Two years after its adoption, India’s anti-hunger law still "unconvincing"
Fr Irudaya Jothi sj, a well known social activist, speaks about the legislation that was supposed to eliminate hunger in India. In its original version, its reach was much wider. Under its current form, it excludes various groups. in addition, the problem of corruption still hangs over its implementation. The Church remains on the forefront of the campaign to increase the visibility of the problem of hunger.
Kolkata (AsiaNews) – Hunger remains a major problem in India. After two years, the National Food Security Act, which was supposed to addressed the issue, has not yet achieved its intended goal.
“What was supposed to eliminate hunger and malnutrition among 800 million Indians has not had encouraging results,” said Fr Irudaya Jothi SJ, a prominent activist and coordinator of the Right to Food Campaign, a network of over 500 NGOs in West Bengal. Sadly, in a country where poverty is still widespread, “the food aid programme has reached only two thirds of those in need, so that many people are still going hungry in the country”.
For the Jesuit, who also heads the Udayani (Awakening) Social Action Centre in Kolkata, the government’s much touted policy has had bitter results so far. Launched in August 2013 by the former Congress-led administration, the National Food Security Act was adopted by parliament despite doubts expressed by experts, concerned that its large funds could get lost in the pockets of corrupt administrators in charge of delivering the programme.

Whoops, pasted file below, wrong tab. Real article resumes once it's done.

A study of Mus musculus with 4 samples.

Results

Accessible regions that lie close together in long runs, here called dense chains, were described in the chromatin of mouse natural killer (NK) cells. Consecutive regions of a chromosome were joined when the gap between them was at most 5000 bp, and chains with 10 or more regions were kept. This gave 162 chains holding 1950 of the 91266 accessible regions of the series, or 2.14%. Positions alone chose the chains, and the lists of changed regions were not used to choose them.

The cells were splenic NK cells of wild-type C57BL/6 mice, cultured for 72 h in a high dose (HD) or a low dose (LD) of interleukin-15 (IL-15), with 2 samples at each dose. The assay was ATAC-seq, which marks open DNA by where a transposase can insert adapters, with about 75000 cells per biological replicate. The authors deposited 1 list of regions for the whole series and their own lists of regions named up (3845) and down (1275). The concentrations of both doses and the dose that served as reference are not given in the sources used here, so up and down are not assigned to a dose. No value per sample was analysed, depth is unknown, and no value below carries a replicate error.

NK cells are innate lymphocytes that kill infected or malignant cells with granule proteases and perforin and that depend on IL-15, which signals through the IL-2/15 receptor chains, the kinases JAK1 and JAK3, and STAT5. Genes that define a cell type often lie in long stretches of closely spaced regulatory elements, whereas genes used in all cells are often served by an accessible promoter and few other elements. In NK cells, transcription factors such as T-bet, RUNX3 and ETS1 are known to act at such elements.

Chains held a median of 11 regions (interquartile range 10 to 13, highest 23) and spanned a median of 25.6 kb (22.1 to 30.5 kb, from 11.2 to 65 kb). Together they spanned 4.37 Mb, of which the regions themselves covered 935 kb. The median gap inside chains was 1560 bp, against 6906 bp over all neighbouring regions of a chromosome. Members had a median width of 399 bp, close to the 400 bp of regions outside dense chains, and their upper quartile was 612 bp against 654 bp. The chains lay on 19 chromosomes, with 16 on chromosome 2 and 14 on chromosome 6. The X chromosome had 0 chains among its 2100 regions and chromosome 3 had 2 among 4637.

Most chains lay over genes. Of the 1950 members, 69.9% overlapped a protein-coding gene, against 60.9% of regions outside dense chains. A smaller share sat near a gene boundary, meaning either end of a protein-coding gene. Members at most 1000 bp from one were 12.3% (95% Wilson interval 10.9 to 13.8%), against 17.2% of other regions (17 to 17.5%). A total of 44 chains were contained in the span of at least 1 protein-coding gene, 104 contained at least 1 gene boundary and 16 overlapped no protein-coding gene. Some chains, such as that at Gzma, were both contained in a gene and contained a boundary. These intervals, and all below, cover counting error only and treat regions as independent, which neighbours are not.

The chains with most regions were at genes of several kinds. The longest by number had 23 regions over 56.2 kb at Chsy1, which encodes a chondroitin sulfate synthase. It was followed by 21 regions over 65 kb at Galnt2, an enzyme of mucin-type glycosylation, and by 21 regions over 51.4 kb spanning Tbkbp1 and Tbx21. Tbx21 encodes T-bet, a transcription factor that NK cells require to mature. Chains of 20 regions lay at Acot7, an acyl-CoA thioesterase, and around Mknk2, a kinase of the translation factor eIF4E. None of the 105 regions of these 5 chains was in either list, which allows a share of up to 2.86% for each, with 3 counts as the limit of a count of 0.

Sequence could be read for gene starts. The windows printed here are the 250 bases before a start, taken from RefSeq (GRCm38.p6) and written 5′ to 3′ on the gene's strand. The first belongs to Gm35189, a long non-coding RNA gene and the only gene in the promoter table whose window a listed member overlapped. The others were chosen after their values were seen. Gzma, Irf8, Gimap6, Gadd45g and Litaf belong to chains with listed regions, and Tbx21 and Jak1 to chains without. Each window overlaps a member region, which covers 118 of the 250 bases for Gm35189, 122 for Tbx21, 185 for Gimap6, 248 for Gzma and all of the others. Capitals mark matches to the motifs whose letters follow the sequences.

Under the original draft bill, the government would be required to provide 5kg of subsidised food grain per person per month at a regulated price of 1-3 rupees per kilo as well as free meals for pregnant women, nursing mothers, children between six months and 14 years, malnourished children and the homeless. However, the actual legislation left out some groups.
Today, people continue to die of hunger in India. In West Bengal, “The 2015-16 National Family Health Survey found that there are more malnourished children under five today than in 2005,” Fr Jothi said.
"The Catholic Church and civil society groups have campaigned vigorously for the approval of this law, and have tried to raise its visibility through sit-ins and protests,” but results fall far short of expectations.
Despite this, "the Church continues to work with the disadvantaged, following the example of Mother Teresa and the Missionaries of Charity,” the Jesuit clergyman said. “Jesus, with his words and his actions, fed the hungry and gave drink to the thirsty. We, as his followers, must continue the work of mercy to provide an improved system and remedies on a large scale."
Finally, Fr Jothi has a few words of gratitude for AsiaNews, which “helped us raise awareness about these terrible living conditions and draw public attention and that of the authorities about the problem of hunger and malnutrition.”